Nursing instructor requirements

  1. Should I be concerned that my local community college their minimum requirement for a nursing instructor is a bachelors degree with two years of experience. It said MSN was preferred but does that mean if they don't find anyone that they would take someone with only a bachelors degree in no concentration and education?

    Joined: May '12; Posts: 94; Likes: 16


  3. by   zoe92
    Hmm... I wouldn't be too concerned if your actual instructor does have a lot of experience or a MSN. I think there is a shortage of nurse educators.
  4. by   breffe
    You will find in the medical field it's always "Watch one, do one and teach one."
  5. by   soxgirl2008
    I wouldn't be too concerned... Do people seem to like the instructors? I've had some horrible instructors that had their MSN. More education doesn't always = better instructor.
  6. by   Austincb
    No more education doesn't equal better instructors but I do feel some classes on education and students learning would be appropriate. I'm going to meet with advisor tomorrow will ask her.
  7. by   Rose_Queen
    It could be that those instructors must meet several requirements:
    -years of experience
    -an agreement to begin a masters program and finish within a set amount of time
    -are only instructing in clinicals, and not teaching in lectures

    I was looking at openings for educators at some of the local colleges. For associates programs, a BSN was acceptable to apply, but if given the job, the person had to begin a masters program within 2 years. For the bachelors program, the BSN attending a MSN program could only teach clinicals; lectures were taught primarily by PhDs.
    Last edit by Rose_Queen on Oct 29, '12
  8. by   turnforthenurse
    They could also be referring to a clinical instructor...I know back home (Ohio) you had to have an MSN to teach a nursing class but a BSN to be a clinical instructor.
  9. by   HouTx
    I agree with PP - chances are, those jobs are for clinical instructors. NLNAC & other accrediting bodies require a minimum of MSN to teach in an RN program. But -- not all MSNs have had exposure to "education" (theory & practicum) classes, particularly if they have an MSN with a clinical specialty or NP. As an educator, it amazes me that popular opinion seems to support the idea that anyone can teach & rather than the fact that teaching is a separate and distinct profession in itself. C'mon, additional education and training is needed to master that skills & knowledge -- sheesh. Give us a break!!!
  10. by   Esme12
    Coming from an old bat........I think a nurse with experience at the bedside will be of more help to you than one with a Masters and no clinical exposure.

    I have a BSN and 34 years of experience in critical care. I have every Certification possible in my field of expertise. I can teach circles around a new nurse educator........regardless of their degree. I have taught many nurses over those 34 years and because I do not have a Masters I am no longer "qualified" and have nothing to offer young nurses. If you take away the BSN, that I obtained way onto a successful career, I still have a lifetime of knowledge to share.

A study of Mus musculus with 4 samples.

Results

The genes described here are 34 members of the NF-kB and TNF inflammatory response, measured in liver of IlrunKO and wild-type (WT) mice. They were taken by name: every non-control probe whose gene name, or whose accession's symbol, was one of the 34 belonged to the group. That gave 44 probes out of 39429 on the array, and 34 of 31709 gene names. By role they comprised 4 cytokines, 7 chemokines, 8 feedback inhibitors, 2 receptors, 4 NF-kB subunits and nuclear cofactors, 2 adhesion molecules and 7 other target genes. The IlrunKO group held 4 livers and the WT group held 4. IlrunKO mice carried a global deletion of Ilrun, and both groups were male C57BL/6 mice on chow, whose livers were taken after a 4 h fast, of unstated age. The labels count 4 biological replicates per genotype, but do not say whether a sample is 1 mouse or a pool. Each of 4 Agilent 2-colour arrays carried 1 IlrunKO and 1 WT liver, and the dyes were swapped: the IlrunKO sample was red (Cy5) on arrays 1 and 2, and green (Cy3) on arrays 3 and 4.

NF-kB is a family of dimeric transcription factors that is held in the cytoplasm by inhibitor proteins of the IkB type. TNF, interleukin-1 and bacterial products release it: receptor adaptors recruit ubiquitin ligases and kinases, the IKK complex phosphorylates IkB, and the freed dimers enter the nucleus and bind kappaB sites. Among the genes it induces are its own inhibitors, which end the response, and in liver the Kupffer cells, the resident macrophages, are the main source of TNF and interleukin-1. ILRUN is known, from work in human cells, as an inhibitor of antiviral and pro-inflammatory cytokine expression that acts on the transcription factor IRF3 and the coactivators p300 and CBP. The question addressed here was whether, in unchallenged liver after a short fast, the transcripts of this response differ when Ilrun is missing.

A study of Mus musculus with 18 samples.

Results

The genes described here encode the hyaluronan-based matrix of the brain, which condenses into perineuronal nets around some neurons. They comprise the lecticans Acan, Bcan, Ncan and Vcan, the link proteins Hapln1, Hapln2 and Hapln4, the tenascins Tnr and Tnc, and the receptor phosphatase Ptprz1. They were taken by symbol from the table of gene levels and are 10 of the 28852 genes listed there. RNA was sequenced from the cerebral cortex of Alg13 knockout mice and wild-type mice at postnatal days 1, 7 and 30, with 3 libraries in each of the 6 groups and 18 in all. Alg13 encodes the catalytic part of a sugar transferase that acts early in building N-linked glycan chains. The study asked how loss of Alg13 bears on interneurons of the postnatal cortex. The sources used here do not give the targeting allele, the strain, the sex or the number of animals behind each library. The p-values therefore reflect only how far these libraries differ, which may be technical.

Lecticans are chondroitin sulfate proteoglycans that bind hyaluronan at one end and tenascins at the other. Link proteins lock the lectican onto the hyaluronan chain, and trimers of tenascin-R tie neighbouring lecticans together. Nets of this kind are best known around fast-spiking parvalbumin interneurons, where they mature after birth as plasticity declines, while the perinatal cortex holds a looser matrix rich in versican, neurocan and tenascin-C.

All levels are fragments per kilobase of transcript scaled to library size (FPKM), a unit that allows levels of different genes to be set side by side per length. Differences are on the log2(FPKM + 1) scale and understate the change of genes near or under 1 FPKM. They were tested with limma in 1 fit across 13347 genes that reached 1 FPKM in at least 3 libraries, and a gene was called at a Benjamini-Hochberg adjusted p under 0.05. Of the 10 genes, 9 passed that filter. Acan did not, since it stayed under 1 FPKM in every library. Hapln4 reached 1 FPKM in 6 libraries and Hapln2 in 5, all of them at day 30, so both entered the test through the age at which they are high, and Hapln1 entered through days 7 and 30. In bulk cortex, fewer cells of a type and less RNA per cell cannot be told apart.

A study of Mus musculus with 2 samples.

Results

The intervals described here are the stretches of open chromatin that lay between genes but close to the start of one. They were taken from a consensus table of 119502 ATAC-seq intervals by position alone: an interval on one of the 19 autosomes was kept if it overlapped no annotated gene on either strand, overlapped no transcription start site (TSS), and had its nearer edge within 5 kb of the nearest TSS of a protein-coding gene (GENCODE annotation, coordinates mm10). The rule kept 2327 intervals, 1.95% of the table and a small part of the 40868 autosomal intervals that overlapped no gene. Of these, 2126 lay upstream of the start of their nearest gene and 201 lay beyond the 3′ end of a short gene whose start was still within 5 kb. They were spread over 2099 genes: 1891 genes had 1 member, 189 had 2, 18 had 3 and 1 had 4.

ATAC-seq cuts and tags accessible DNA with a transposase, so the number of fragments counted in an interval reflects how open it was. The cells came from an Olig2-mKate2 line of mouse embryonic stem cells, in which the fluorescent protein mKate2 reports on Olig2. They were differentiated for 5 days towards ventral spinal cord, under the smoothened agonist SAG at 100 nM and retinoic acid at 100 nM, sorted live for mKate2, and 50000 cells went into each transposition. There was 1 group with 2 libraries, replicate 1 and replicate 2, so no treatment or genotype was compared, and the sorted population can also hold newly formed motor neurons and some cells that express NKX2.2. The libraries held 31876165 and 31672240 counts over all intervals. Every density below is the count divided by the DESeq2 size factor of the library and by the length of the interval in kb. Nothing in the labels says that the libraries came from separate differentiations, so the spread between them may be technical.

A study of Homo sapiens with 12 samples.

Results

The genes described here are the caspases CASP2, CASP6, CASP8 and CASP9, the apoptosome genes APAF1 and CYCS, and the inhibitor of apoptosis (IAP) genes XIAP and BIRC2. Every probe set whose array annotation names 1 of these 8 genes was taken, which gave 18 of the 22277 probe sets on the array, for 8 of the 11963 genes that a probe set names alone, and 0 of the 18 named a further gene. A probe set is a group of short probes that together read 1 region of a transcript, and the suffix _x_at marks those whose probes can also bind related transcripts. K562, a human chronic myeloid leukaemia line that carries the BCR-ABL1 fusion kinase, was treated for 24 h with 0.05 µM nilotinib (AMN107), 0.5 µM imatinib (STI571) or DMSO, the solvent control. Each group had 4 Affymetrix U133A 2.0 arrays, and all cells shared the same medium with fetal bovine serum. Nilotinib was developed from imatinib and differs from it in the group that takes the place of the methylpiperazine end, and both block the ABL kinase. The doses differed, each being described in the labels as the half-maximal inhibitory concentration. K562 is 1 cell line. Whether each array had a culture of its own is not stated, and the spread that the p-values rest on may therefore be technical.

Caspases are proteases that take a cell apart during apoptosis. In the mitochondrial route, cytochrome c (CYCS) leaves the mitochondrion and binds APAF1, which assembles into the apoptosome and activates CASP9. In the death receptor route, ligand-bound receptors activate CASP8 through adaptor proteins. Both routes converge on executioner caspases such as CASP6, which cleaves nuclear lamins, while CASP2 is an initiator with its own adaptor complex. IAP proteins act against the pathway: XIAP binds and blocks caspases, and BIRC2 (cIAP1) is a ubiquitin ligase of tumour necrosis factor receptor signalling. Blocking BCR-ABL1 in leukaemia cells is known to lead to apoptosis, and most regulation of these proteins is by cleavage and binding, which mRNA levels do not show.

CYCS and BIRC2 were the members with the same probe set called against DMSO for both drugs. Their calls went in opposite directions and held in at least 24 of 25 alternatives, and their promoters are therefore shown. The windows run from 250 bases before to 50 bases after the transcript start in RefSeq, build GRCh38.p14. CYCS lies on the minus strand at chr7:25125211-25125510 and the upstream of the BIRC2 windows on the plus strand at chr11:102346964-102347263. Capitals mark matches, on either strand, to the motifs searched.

Sad really.....sigh

    This is strictly my opinion........but I think we a losing a valuable quality in the nurses being taught today. I think the profession itself needs to re-look at what they value and stop disrespecting the bedside nurses experiences and time spent in the profession. I don't necessarily think more degrees qualifies one to be a good instructor and this profession now devalues those very nurses who have helped ,make nursing what it is today.

    If you don't know where you have come can see where you are going.

    OP.....I don't think the occasional BSN prepared nurse will damage your over all education. I think you'll be fine.

    YOu do however need to be concerned that ASN/ADN grads are having a harder time finding positions as the market is glutted with nurses (there is no shortage)....hospitals are looking for BSN first ADN/ASN second.

    Best wishes! and Good Luck!!!!
  11. by   nurseprnRN
    I went to get my MN precisely because I wanted to teach and at that time you could do clinical instructing with a BSN but to be regular faculty, MN was required. In my home state clinical instructors, too, have been required to have MN in all state schools (community and 4-year colleges) for 20+ years; in private schools, it varies but most are the same, plus you have to have an earned doctorate to lecture or escape the dreaded adjunct slot.
  12. by   eroc
    I had an ASN instructor...yes I looked up the "Nurse Practice Act' in my state and it's not legal.
    My experience is.... working as a nurse and/or having a Master's degree does not make you a good instructor.
    Teaching is a SKILL that has to be developed. Being good at something does not always translate to being a good teacher, nor does having a higher degree.
    Too many people want to be teacher, yet don't have what it takes. Sad there is already a shortage of instructors.
  13. by   SycamoreGuy
    It depends on the state, in Indiana you must have a BSN to teach LPNs and below. Anything above LPN requires a MSN in nursing education. Clinical instructors are a whole different beast
  14. by   dudette10
    Quote from Austincb
    No more education doesn't equal better instructors but I do feel some classes on education and students learning would be appropriate. I'm going to meet with advisor tomorrow will ask her.
    In my state, an instructor must have a degree one level above that which they are teaching, so a BSN can legally teach at the CC level.

    Keep in mind that education classes and student learning models are usually only included for Nurse Educator MSN programs. Most MSNs do not choose the NE concentration. In fact, at my school only one had an NE MSN; all others chose various NP concentrations.